IN our capitalist label-obsessed society, some brands attract more tosspots, twats and knobheads than others. Avoid anyone devoted to these:
Tesla fans – the majority of whom don’t own Teslas – live in a constant ego-trip, believing that aspiring to their vehicles makes them Elon Musk. Not understanding that he, like them, is a tool, making his theoretically worthy brand a byword for incel dicks that he didn’t even found.
When was the last time you saw someone in a Superdry hoodie who wasn’t a total wanker? Never, that’s when. The loudest prick in the beer garden is always wearing one, not realising the Japanese characters spell out ‘f**king mug’.
No-one needs a watch these days because we’ve got phones, so they’re exclusively status symbols. Owning a Rolex that costs more than a car reflects a lack of taste and warped priorities. You’re wearing five grand on your wrist. Don’t be shocked when you get mugged.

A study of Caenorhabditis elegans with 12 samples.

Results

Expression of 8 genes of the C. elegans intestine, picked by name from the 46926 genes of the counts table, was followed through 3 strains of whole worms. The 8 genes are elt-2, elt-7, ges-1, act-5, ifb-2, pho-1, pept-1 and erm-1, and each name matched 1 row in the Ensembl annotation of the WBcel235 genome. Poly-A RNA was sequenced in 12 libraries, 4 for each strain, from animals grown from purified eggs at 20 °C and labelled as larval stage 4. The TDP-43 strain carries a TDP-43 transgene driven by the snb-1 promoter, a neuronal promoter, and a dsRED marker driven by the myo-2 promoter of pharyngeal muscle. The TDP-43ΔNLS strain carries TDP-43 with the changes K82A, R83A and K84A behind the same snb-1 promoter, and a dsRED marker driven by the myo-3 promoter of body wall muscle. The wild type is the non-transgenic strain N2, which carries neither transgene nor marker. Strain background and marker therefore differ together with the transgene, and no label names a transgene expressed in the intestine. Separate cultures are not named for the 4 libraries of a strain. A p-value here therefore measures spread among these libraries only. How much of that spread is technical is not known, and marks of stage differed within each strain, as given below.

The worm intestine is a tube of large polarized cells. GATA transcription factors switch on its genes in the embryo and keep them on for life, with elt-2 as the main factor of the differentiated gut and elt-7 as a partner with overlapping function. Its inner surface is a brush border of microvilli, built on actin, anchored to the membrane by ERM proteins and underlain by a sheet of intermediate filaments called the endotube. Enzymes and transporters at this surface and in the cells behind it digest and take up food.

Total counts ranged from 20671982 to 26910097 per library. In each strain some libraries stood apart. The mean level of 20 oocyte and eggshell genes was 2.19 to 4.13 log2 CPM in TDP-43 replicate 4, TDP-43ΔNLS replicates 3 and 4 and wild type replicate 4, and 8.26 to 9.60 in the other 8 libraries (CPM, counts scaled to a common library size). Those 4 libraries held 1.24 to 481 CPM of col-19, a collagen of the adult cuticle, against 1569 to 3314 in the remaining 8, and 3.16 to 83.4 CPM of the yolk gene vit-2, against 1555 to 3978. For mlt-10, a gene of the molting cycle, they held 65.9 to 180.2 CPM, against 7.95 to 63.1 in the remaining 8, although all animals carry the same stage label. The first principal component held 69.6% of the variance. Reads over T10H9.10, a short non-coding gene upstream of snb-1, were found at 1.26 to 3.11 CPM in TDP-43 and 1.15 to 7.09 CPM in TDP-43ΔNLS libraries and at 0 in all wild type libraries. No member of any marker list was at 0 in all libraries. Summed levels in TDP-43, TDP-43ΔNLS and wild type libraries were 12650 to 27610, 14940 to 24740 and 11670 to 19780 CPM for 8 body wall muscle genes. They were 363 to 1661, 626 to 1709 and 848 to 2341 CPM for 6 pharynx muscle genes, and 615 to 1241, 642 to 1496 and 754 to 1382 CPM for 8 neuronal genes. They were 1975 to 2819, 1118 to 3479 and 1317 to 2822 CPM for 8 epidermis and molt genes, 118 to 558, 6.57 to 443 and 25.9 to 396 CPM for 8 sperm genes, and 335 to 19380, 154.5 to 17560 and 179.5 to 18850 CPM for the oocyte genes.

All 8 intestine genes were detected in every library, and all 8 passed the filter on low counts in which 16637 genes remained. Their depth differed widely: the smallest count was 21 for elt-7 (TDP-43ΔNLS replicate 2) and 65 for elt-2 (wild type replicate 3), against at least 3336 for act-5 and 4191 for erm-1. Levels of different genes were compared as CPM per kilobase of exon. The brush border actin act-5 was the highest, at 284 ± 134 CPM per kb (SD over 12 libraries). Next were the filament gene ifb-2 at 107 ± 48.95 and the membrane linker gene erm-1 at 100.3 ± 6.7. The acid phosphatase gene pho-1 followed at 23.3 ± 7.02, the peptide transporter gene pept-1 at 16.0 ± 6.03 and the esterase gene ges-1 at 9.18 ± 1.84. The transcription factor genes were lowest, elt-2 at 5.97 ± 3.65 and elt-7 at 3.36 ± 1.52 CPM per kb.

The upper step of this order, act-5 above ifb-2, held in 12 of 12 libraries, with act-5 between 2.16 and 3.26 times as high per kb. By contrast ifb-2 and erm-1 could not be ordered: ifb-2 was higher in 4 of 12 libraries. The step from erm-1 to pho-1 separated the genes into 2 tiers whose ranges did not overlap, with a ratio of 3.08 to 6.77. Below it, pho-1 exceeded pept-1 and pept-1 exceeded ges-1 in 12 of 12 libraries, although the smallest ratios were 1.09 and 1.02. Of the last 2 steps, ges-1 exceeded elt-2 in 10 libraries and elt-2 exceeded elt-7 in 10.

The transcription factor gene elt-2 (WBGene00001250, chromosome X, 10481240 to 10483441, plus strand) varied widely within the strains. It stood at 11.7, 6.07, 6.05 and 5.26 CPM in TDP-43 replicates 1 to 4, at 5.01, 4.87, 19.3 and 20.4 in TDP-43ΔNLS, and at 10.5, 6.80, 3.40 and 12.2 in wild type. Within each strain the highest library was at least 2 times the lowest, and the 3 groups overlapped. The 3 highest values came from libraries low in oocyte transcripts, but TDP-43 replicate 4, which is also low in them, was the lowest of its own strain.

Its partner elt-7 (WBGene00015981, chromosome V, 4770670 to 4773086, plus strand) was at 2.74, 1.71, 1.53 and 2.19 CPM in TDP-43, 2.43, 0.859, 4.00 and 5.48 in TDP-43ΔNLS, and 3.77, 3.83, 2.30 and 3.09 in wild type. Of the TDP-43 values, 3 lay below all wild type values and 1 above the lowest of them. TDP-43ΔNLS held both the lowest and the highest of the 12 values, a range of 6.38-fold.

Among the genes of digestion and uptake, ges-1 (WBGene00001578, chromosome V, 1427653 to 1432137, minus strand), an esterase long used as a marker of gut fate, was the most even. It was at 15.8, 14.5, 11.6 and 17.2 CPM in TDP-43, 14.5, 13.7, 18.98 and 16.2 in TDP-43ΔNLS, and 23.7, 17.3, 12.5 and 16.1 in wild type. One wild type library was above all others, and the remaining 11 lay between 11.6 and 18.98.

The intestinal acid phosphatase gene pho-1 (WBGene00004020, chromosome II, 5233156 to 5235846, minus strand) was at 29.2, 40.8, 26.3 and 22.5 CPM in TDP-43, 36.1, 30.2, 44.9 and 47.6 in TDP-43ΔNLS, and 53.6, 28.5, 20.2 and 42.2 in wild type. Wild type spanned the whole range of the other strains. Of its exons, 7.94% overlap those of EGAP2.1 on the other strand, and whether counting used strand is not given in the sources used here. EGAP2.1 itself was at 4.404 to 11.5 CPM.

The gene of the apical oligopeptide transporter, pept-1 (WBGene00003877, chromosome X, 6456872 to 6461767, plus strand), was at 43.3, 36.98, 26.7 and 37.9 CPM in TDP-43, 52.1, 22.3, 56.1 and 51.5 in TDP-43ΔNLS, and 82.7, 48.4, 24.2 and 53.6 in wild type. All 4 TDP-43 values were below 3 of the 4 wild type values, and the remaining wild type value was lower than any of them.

Kate Middleton wears Zara and so does your friend who, like Kate Middleton, thinks she’s better than you. You’ve chosen a brand that says ‘I’m something of a sneering arsehole myself’.
Anything called something like ‘Guild of Scoundrel Gentlemen’
Flat-cap wearing arseholes love to pretend they live in a cheeky version of Edwardian England where everything from their beer to their shaving cream stresses what a testosterone-jacked man they are. You’re not Tommy Shelby mate, you’re an estate agent.
Farrow & Ball
Not so much a paint, more a way of announcing your superiority to others by way of shades like Wimbourne White and Nancy’s Blushes. Now so nakedly aspirational it’s getting slapped up in new builds so the posh have abandoned it. Nobody will know it’s Farrow & Ball. You’ll have to tell them it’s Farrow & Ball. So what’s the point?
The preferred sportwear brand of those who regard themselves as a bit handy and who others stay the f**k away from, Under Armour is worn over tattoos quoting action films and pairs beautifully with convictions for ABH.